On David Feintuch

David Feintuch, author of the Nick Seafort science-fiction novels, has passed away. He was sixty-one.

Midshipman’s Hope, the first novel in the Seafort saga, came out when I was in college, and after a very favorable review in the Washington Post I picked up the book and was very taken with it. The book’s pull quote described it as a novel in the vein of Orson Scott Card’s Ender’s Game or Robert Heinlein’s Starship Troopers, but it wasn’t, not really. No, Midshipman’s Hope was C.S. Forester’s Mr. Midshipman Hornblower, only instead of a sailing vessel in the Royal Navy Feintuch’s hero Nick Seafort served aboard a space vessel in the United Nations Space Navy. Other writers have tried to write Hornblower-in-space, but none were as successful in capturing the feel of the Age of Fighting Sail as Feintuch.

Now, thinking back, some of the characters, some of the scenes, come quickly to mind. The one that really stays with me, at the climax of (I think) the second book, was the death of Philip Carr, an officer that served under Seafort that he’d broken for insubordination back to Midshipman. I haven’t looked at the book in close to a decade, and maybe I wouldn’t want to lest I rob the scene as I remember it of its emotional force, and yet thinking back on it now it still moves me.

I never finished the series–though I picked up the fifth and sixth books I’ve never read them. No slight meant to Feintuch, just other things got in the way.

And now Feintuch has passed away, leaving behind a series soon to be eight books long and an enduring character in Nick Seafort.

Published by Allyn

A writer, editor, journalist, sometimes coder, occasional historian, and all-around scholar, Allyn Gibson is the writer for Diamond Comic Distributors' monthly PREVIEWS catalog, used by comic book shops and throughout the comics industry, and the editor for its monthly order forms. In his over ten years in the industry, Allyn has interviewed comics creators and pop culture celebrities, covered conventions, analyzed industry revenue trends, and written copy for comics, toys, and other pop culture merchandise. Allyn is also known for his short fiction (including the Star Trek story "Make-Believe,"the Doctor Who short story "The Spindle of Necessity," and the ReDeus story "The Ginger Kid"). Allyn has been blogging regularly with WordPress since 2004.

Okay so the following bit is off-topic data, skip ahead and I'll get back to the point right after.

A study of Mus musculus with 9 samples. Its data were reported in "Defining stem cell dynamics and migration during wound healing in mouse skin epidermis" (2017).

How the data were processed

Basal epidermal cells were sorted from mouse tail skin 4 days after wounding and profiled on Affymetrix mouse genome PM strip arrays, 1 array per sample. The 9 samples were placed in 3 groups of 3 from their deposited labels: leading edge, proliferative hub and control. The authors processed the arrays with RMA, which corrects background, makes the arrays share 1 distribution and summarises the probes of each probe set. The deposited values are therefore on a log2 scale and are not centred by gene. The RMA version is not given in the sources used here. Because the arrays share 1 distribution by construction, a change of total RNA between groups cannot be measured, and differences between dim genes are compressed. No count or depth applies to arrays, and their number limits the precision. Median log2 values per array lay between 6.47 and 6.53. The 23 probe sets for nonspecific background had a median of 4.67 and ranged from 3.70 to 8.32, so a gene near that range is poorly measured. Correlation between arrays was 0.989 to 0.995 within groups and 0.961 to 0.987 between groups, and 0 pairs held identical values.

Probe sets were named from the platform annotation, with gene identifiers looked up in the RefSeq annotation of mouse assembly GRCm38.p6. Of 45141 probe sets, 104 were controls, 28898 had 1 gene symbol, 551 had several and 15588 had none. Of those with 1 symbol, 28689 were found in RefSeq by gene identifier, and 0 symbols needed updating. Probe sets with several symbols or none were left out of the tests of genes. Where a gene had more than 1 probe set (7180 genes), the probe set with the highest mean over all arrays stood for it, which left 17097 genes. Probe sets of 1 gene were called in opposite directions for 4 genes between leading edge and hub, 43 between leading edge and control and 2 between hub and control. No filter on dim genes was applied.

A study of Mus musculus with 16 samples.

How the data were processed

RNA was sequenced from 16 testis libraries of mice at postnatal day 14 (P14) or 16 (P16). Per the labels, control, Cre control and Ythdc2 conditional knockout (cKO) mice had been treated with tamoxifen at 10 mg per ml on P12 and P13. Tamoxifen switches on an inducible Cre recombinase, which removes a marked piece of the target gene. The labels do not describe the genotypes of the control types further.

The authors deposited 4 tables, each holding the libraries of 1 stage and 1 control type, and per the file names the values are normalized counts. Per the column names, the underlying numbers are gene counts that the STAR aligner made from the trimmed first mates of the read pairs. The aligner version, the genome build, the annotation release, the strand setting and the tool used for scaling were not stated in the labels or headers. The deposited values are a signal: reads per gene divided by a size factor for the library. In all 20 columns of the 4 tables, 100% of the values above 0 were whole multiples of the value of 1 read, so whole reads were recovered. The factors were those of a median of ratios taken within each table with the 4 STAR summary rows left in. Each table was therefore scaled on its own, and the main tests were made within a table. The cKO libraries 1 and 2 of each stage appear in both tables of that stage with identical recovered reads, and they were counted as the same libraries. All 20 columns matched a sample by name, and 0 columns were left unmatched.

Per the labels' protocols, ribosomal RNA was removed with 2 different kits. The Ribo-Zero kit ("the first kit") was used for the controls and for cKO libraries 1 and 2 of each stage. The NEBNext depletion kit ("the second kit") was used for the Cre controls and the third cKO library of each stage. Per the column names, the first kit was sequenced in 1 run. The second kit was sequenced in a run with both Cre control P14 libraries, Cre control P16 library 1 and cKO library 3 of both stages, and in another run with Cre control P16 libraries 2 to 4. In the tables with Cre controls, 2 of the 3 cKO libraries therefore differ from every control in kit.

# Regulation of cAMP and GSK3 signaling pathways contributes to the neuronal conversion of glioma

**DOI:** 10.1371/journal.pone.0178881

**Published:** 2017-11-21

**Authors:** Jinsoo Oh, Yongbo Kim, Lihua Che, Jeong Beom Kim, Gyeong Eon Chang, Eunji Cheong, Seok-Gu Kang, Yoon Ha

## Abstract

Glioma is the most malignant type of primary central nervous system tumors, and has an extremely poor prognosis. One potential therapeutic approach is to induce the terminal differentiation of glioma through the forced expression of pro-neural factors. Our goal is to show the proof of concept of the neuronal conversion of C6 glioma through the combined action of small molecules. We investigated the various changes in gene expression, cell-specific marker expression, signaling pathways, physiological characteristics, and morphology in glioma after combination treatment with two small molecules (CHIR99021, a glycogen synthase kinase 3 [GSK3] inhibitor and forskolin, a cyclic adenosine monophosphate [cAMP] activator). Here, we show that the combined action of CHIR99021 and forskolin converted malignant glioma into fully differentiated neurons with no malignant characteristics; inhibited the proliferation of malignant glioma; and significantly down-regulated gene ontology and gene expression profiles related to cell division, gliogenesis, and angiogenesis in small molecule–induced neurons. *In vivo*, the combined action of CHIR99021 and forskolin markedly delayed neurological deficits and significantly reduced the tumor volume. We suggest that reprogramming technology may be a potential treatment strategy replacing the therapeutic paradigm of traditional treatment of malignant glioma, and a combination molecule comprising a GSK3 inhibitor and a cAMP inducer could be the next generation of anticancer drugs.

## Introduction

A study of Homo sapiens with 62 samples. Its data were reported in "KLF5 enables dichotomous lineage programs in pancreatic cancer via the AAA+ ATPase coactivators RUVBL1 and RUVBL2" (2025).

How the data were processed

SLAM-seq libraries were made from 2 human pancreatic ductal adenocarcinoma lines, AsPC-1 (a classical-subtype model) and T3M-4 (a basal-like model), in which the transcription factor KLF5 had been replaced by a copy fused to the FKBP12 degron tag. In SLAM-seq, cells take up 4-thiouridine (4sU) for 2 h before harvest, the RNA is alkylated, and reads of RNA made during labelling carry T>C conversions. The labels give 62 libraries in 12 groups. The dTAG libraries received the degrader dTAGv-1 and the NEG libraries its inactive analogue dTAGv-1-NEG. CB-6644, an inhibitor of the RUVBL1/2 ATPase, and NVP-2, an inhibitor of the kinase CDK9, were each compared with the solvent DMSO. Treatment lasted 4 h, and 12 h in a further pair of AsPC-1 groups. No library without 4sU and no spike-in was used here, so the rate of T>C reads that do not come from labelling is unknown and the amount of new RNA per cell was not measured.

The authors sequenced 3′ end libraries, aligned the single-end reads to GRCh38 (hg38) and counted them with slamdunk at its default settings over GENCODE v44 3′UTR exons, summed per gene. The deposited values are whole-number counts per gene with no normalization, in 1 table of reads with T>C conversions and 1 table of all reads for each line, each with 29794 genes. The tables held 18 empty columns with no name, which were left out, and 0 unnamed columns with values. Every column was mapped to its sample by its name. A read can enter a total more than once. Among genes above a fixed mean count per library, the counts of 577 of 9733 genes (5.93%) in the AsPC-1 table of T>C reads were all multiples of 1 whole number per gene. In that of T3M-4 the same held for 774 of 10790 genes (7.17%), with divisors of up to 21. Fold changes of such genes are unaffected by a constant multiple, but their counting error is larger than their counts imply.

4 thoughts on “On David Feintuch

  1. Eighth book in the Seafort series? The last one I found is Children of Hope. If there really is an eighth, please let me know.


  2. At the time I wrote that, I believe Feintuch was working on the eighth book and/or it was nearing publication.

    As far as I know, it hasn’t yet reached print.

  3. I did some further googling and I believe the book was finished and sent to a publisher but nothing happened after that due to his death. Someone emailed his UK publisher but they never received a manuscript. Another person emailed his US publisher but didn’t receive any response. The tentative name of the book is “Galahad’s Hope” and I googled the name and came up with someone in Europe who implied they have a copy. Web site was not in English so I didn’t get very far.

  4. I corresponded with Mr. Feintuch ages ago (2000? 2001?) after writing a short review of MIDSHIPMAN’S HOPE. I was very sad to read of his passing.

    As for the Seafort Saga; according to Wikipedia, there are indeed eight books with the final (if it was indeed meant to be final) book unpublished. The last published book was “Children of Hope”. The list can be found here:

    Per further reading of the Wikipedia article on “Galahad’s Hope”, the eighth book, you can find this passage:

    “Galahad’s Hope is the current title of the eighth and final book in the Seafort Saga of science fiction novels, and the sequel to Children of Hope. The manuscript was reported to be completed before the death of author David Feintuch, however orbit have no current plans to publish this book. According to an Orbit online marketing executive, they haven’t been approached by anyone connected to David Feintuch with a view to publishing the manuscript.”

    Hopefully Orbit will eventually publish this final novel, but it seems to be lost more to legalities of ownership than anything else. I’d also like to see them get the entire series in eBook format; a few of the later books are not available, for instance, via Amazon Kindle.